But it appears those days are over.
Slate editor Jacob Weisburg came out with an article today accusing the Republican Party of being a "Fantasy Island" in which "educated" people like Chris Christie have to choose between being viable presidential contenders and denying the reality of evolution, climate change, the fact that Obama was born in Hawaii, and the need to raise taxes to address the deficit. Weisburg could have mentioned the Republican denial of torture being a crime against humanity, the delusional arguments against gay marriage, the new nullificationism, the denial of the crisis in health care, and the rapture as other examples of Republicans living in fantasy land.
Moments like this point to a growing asymmetry in our politics. One party, the Democrats, suffers from the usual range of institutional blind spots, historical foibles, and constituency-driven evasions. The other, the Republicans, has moved to a mental Shangri-La, where unwanted problems (climate change, the need to pay the costs of running the government) can be wished away, prejudice trumps fact (Obama might just be Kenyan-born or a Muslim), expertise is evidence of error, and reality itself comes to be regarded as some kind of elitist plot.And it's not just Republican voters either.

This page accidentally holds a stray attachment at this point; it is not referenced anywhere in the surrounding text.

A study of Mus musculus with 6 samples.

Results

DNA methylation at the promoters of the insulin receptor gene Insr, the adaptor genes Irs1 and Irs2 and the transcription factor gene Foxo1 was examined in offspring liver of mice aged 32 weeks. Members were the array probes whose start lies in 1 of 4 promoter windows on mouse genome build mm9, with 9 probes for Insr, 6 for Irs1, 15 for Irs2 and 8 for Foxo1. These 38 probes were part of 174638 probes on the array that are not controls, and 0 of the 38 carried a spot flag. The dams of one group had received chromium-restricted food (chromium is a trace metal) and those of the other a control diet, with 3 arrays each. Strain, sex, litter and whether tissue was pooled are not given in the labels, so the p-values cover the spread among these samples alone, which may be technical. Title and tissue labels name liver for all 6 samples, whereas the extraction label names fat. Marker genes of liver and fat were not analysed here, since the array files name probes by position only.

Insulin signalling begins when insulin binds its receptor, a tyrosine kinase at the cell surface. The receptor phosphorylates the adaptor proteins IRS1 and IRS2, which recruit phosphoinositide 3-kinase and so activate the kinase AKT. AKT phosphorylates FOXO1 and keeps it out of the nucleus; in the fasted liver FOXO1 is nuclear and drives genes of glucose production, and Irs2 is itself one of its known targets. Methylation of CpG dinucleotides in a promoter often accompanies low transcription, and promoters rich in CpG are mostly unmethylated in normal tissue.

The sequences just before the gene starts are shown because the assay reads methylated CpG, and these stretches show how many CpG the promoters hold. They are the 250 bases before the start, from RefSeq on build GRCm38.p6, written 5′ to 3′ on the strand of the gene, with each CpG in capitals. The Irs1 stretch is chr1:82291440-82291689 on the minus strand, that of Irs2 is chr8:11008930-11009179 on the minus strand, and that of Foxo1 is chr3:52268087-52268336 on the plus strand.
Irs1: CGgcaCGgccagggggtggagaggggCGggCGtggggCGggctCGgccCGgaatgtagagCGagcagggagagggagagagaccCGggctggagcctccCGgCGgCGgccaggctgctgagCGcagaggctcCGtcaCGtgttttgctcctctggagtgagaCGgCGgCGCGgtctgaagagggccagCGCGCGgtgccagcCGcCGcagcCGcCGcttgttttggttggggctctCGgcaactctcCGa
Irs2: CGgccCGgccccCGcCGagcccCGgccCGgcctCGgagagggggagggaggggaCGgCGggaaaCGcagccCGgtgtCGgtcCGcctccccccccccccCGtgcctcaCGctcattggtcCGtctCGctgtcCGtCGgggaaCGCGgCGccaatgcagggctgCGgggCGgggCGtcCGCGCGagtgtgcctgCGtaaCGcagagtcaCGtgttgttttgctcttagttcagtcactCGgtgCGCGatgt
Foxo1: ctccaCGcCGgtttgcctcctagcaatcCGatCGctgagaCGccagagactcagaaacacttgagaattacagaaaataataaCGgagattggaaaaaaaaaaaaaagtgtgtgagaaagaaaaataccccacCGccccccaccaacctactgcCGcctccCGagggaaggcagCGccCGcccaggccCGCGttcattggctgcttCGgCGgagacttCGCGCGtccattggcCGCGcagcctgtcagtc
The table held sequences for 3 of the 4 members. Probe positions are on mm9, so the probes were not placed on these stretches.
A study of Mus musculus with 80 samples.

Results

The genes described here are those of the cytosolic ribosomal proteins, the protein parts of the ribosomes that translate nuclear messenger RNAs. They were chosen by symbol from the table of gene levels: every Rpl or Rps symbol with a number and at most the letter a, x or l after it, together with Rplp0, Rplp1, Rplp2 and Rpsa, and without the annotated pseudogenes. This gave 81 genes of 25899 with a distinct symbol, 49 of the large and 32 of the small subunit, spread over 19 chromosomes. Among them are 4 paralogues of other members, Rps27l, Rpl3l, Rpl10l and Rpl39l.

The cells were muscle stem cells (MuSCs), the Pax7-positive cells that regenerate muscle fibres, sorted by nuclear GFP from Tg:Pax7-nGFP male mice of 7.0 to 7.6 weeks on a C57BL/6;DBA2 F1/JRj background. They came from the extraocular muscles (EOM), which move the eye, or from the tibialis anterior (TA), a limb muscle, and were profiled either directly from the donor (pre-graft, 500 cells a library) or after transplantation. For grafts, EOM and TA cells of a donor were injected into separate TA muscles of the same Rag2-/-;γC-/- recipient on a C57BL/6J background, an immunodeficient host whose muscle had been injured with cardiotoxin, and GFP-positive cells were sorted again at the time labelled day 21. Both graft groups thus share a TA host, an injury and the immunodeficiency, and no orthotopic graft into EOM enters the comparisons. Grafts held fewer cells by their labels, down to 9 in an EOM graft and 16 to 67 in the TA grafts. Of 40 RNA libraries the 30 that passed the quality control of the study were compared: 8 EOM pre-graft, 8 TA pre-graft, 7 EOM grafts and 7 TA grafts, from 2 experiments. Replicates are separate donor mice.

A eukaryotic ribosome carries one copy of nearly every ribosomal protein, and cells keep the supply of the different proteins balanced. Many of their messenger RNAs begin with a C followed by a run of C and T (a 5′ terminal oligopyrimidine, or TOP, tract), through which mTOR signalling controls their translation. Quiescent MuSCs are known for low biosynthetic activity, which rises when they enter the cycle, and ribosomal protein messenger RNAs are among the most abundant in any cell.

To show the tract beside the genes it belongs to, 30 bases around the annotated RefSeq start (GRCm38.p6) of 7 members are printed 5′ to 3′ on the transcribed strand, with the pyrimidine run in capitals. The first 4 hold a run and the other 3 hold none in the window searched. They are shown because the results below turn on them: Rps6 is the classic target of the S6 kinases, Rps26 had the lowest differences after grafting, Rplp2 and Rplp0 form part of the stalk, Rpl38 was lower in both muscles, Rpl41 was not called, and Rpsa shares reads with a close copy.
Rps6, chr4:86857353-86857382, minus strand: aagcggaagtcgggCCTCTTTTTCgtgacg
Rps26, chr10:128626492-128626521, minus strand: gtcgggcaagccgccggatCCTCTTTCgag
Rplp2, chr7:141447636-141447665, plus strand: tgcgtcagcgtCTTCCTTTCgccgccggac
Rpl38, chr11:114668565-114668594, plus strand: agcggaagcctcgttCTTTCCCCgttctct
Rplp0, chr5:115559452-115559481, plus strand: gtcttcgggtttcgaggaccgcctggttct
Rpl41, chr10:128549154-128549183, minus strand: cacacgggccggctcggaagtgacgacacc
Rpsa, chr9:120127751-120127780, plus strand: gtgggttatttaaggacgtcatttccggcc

Weisburg is probably good friends with a lot of people in the right-wing media, but the denial of reality among conservative constituencies is actively promoted by Fox News, talk radio, the Weekly Standard, and the National Review among other outlets.
Because the conservative media presents reality denial as the only reality, it's hard for conservatives in South Carolina, Texas, and Utah to know any differently.
In the final analysis, all of the Republican presidential candidates are running to be Mr. Roarke, that is, when they're not angling to be Tattoo.